Home & Studio of Mexican Sculptor Pedro Reyes & Carla Fernandez | Yellowtrace

Home & Studio of Mexican Sculptor Pedro Reyes & Carla Fernandez | Yellowtrace

Home & Studio of Mexican Sculptor Pedro Reyes & Carla Fernandez | Yellowtrace

Brutalist Home & Studio of Mexican Sculptor Pedro Reyes & Carla Fernandez | Yellowtrace

Brutalist Home & Studio of Mexican Sculptor Pedro Reyes & Carla Fernandez | Yellowtrace

 

A melange of concrete textures makes up this Mexico City home of artist and his fashion-designer wife . Bold, brutalist and Barragán-inspired, this banger of a building features whacky paving floors, an expansive double height library and cement blocks made by local craftsmen. The house is located in Coyoacán, an up and coming area in the south of Mexico City which was once home to famed Mexican artist Frida Kahlo. In fact, comparisons have been made between Reyes and Fernández and Diego Rivera and Frida Kahlo with their lives dedicated to their craft and their home open to other artists for residencies and exhibitions.

Prior to becoming an artist, Reyes trained as an architect and had aspirations to convert their home from a “1980s monstrosity with an indoor pool and various eccentricities” into a contemporary space that “includes hints of all of Mexico’s many modernities.” Reyes and Fernandez are fiercely passionate about the preservation of Mexican culture and this is clear through the architecture, art and furnishings of their home. Hammered concrete floors and walls were inspired by the Mexican brutalists, in particular Teodoro González de León, a significant architect in the region.

As an ode to Pritzker Prize architect , the couple incorporated unexpected pops of magenta and yellow amongst a palette of mostly subdued greys. Oh guys, this gets me so good. Not only is the intensity of colour so moving but it’s also an incredible testament of the country’s vibrant artistic history and traditions.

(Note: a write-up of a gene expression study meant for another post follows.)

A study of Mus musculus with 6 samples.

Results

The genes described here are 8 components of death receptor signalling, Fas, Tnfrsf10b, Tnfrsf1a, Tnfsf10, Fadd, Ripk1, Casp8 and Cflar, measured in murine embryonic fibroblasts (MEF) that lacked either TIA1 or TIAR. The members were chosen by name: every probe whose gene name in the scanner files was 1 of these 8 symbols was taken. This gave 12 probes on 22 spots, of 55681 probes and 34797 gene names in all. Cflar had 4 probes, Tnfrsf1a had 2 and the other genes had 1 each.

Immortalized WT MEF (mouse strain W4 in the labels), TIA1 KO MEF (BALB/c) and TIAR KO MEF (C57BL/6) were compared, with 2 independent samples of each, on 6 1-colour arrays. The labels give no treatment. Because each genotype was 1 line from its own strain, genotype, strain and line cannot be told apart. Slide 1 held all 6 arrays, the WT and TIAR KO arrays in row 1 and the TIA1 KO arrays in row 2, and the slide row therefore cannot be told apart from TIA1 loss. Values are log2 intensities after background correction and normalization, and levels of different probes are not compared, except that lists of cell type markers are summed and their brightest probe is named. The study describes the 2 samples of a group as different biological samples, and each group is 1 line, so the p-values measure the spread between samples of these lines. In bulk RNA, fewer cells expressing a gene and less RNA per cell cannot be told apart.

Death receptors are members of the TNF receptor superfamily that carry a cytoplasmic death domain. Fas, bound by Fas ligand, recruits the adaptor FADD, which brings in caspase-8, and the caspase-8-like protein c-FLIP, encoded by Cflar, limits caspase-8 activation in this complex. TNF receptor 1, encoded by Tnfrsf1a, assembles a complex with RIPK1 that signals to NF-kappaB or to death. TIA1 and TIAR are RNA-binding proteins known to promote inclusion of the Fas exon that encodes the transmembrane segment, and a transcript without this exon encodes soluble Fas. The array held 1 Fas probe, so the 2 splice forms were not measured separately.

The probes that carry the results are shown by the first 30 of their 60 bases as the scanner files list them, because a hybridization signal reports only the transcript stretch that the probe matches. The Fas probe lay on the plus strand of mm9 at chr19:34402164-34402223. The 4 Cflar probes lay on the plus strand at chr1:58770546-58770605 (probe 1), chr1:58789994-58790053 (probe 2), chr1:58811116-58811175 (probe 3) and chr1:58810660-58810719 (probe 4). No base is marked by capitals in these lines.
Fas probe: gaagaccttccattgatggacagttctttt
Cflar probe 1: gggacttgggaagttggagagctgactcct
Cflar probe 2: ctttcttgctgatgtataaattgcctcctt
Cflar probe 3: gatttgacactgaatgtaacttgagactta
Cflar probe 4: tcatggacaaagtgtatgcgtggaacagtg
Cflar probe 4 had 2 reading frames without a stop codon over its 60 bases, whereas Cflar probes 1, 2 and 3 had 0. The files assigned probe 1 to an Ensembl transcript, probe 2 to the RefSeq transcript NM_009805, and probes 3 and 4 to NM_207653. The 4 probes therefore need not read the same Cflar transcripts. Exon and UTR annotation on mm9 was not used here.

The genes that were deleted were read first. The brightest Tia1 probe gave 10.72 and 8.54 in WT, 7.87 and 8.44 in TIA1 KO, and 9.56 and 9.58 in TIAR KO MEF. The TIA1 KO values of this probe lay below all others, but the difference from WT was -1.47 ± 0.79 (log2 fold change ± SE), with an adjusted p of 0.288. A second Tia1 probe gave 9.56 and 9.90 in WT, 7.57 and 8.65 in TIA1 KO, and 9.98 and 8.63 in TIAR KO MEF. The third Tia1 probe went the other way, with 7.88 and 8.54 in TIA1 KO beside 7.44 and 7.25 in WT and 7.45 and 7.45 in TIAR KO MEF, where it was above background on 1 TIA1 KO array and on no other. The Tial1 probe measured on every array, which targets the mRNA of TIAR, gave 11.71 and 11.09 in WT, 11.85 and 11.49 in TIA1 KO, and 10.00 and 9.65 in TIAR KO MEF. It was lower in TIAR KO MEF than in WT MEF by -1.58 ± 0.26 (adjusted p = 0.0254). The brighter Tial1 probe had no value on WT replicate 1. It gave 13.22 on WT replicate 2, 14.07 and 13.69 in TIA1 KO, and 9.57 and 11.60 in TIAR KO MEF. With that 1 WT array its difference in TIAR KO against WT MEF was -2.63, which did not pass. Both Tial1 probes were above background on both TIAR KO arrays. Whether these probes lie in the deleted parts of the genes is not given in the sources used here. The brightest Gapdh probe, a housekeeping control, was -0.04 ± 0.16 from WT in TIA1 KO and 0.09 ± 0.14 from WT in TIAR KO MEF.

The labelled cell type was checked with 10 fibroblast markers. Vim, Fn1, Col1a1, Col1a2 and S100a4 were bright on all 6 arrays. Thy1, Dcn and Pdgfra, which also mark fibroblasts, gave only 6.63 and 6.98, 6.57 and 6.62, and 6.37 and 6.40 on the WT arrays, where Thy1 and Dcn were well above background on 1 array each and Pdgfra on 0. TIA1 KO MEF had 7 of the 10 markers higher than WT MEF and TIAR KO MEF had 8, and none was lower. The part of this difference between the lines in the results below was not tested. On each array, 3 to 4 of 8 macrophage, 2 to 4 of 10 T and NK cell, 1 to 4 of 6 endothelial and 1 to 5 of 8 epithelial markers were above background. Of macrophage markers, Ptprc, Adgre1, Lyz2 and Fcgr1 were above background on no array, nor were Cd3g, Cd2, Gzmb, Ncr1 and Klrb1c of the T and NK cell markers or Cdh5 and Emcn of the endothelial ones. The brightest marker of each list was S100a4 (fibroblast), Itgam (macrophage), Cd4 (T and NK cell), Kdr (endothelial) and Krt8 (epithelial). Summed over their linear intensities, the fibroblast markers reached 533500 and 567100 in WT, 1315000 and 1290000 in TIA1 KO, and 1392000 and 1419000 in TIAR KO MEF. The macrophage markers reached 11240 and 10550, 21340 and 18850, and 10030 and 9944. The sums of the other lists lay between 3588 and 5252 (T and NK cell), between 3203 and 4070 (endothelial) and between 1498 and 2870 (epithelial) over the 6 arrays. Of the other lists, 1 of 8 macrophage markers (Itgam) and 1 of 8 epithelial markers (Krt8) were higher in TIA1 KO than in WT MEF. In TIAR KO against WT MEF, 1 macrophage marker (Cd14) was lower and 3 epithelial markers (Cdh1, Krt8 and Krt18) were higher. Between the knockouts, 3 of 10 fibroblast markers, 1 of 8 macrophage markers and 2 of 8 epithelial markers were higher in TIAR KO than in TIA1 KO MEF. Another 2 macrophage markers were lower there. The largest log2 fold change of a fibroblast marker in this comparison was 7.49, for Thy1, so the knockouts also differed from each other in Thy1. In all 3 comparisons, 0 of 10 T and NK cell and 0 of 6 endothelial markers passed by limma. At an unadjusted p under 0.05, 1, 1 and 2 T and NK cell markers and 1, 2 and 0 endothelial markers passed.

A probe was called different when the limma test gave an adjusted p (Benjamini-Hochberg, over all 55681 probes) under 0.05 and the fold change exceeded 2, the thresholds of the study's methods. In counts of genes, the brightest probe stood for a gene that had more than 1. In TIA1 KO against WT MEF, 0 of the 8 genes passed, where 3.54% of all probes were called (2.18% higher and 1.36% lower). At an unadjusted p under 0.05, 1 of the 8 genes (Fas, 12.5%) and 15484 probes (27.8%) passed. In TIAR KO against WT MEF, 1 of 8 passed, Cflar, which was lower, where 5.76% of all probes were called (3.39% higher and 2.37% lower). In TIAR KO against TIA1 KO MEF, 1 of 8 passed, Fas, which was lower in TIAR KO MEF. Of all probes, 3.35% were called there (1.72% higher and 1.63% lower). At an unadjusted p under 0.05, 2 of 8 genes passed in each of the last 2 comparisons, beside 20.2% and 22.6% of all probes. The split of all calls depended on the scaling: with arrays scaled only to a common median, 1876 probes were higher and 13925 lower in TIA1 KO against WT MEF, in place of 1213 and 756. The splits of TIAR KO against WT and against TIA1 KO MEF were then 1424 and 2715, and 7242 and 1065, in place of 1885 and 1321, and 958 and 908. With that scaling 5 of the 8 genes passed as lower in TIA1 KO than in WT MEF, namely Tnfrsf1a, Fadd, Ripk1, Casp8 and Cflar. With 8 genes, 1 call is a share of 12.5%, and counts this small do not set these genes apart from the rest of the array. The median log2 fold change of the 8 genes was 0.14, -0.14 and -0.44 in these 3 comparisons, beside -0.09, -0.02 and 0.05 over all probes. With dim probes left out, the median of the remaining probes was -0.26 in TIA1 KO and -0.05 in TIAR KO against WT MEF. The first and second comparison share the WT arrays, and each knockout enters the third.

Home & Studio of Mexican Sculptor Pedro Reyes & Carla Fernandez | Yellowtrace

Brutalist Home & Studio of Mexican Sculptor Pedro Reyes & Carla Fernandez | Yellowtrace

Home & Studio of Mexican Sculptor Pedro Reyes & Carla Fernandez | Yellowtrace

Home & Studio of Mexican Sculptor Pedro Reyes & Carla Fernandez | Yellowtrace

Brutalist Home & Studio of Mexican Sculptor Pedro Reyes & Carla Fernandez | Yellowtrace

 

Within the double-height living space is a huge bookcase made from slabs of concrete while cantilevering steps lead up to a narrow gallery overlooking the lounge. A ceiling light over this space is constructed out of copper tubes and is inspired by . Upstairs there is a master bedroom, two bedrooms for their children and a family bathroom. Concrete is not limited to the structure, walls and floors but also permeates into joinery and furniture. In the kitchen for example, you would think that the entire thing made from concrete would run the risk of conjuring caveman imagery but the result is surprisingly refined and fun…and at the very least inspires a very cool Flinstones vibe. In the bathroom, a bathtub is roughly cut from lava stone while the sink and vanity are moulded into one fluid form. Take note of the custom concrete tapware… ooof!

At the heart of it, this house is a gathering place and a hive for creativity. It’s a dynamic studio for the works of Reyes and Ferdinand and a place for people to come together. “It’s a social space,” says Reyes, “we are always welcoming guests or hosting the artisans on our teams.” A playground of sorts, this house is lovingly handcrafted and showcases very humble materials and amazing Mexican craftsmanship. Big call but it might just be my dream home!

 

 


[Images courtesy of . Photography by .]

 



About The Author

Fenina Acance

Architecting away in Melbourne, Fenina is a shameless fashion, art and design fanatic who loves defying the relentless Melbournian uniform of black on black on black. Often spotted strutting a boisterous mix of pattern and colour, her eclectic love for the bold, raw and textured fuels her passion for design and contemporary art. When not indulging in Cy Twombly’s sensitive scribbles or Serra’s evocative sculptural forms, her love for everything Italian consumes the rest of her time. Whether it’s the language, design or food (especially food), Fenina is obsessed!